Over the last 15 years or so, Adrian Byrne, CIO of University Hospital Southampton NHS Foundation Trust (UHSFT) has pursued a strategy for electronic patient records through integration and evolution. The ultimate aim is to get to HIMSS Level 7 – the final stage of a Electronic Medical Record (EMR) model which is where paper charts are no longer used in the hospital.
“There’s various ways that we’re thinking about achieving that; we have an open mind towards newer technology around the open electronic health record (EHR) and also using a technology called FHIR to effectively open up our legacy platforms,” he says.
While the trust has made progress in terms of its electronic systems use, Byrne says that there needs to be an emphasis on making nursing and care noting documentation digital, particularly on the wards where notes are written on paper and then scanned.
The trust has just gone live with an electronic document management system from Hyland, which allows the company to use digital forms instead of scanning papers. But there will not be a need to scan historical notes, which would have been an arduous task.
“We’ll scan it where we need to; the emphasis will be on dealing with patients who are coming in and then in the future dealing with more and more direct data entry, but you have to do this carefully because you can’t do things that impact on the time of doctors and nurses,” says Byrne.
In fact, Byrne suggests that a lot of the notes currently written on paper are written quickly and are “perfectly adequate”. He insists there isn’t always a need to decode and structure information digitally.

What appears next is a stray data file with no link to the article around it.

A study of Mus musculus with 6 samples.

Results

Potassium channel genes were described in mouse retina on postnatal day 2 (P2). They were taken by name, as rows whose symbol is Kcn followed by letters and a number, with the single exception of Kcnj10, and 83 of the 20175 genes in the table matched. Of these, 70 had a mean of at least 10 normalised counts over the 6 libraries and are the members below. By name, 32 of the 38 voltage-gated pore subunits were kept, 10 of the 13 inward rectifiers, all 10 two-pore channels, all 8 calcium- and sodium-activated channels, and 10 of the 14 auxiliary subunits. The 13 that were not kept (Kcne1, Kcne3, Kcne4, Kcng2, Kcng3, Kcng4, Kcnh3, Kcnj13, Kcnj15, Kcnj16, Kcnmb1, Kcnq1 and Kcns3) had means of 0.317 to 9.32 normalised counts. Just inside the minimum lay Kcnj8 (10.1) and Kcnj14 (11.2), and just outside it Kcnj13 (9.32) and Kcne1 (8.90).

“This gives us a challenge because no matter what anyone says, as soon as you start introducing these digital and real-time processes, you will slow people down,” he states.
But, while the initial cultural impact may slow down processes – won’t things be quicker in the long-term by going digital?
Byrne doesn’t think this is necessarily the case with note-taking, but says technology can help speed up times in other ways.
“You don’t get quicker over time really [with note documentation] – I think it’s more about changing the other factors involved, like using more technology to reduce the caseload of people and that’s where you give them the time back,” he says.
But he adds that data collection is still important for research purposes or for a shared care record in the long-term.
Byrne says he is interested in what lies ahead with AI – such as IBM Watson’s x-ray capabilities, noting that machine learning is a concept he can see being used in the near future at the trust.
“I think we can do a lot around automating the code of some of our basic activity,” he explains.
The Internet of Things (IoT) is another area of interest – and the trust has been working with a number of technology companies in this space.
“We are one of the few hospitals that has a patient-facing secondary care service, so we allow our patients to log in to a personal health record and we send our results to their personal health record and that system has an ability to hook in devices,” he says.
“So some of our doctors are interested in patient weight or blood pressure and there’s a number of things you can now buy that will plug in data about yourself into the personal health record – it’s something we’re interested in and we have a project ongoing with some of our cardiologists around heart monitoring that will also involve internet-connected devices,” he adds.
The NHS trust is also installing a messaging application that will enable staff to communicate in the same way as people do on WhatsApp but also to pull information out of the record and have a meaningful conversation about the patient and push messages back. In addition, a 2012 prescribing system and a pathology system need to be either updated or replaced.
Byrne, who has worked at the trust for 23 years, now has to manage the more mundane system replacements and upgrades alongside the experimentation and adoption of emerging technology, while striving towards HIMSS 7. He and his team have a busy few years ahead.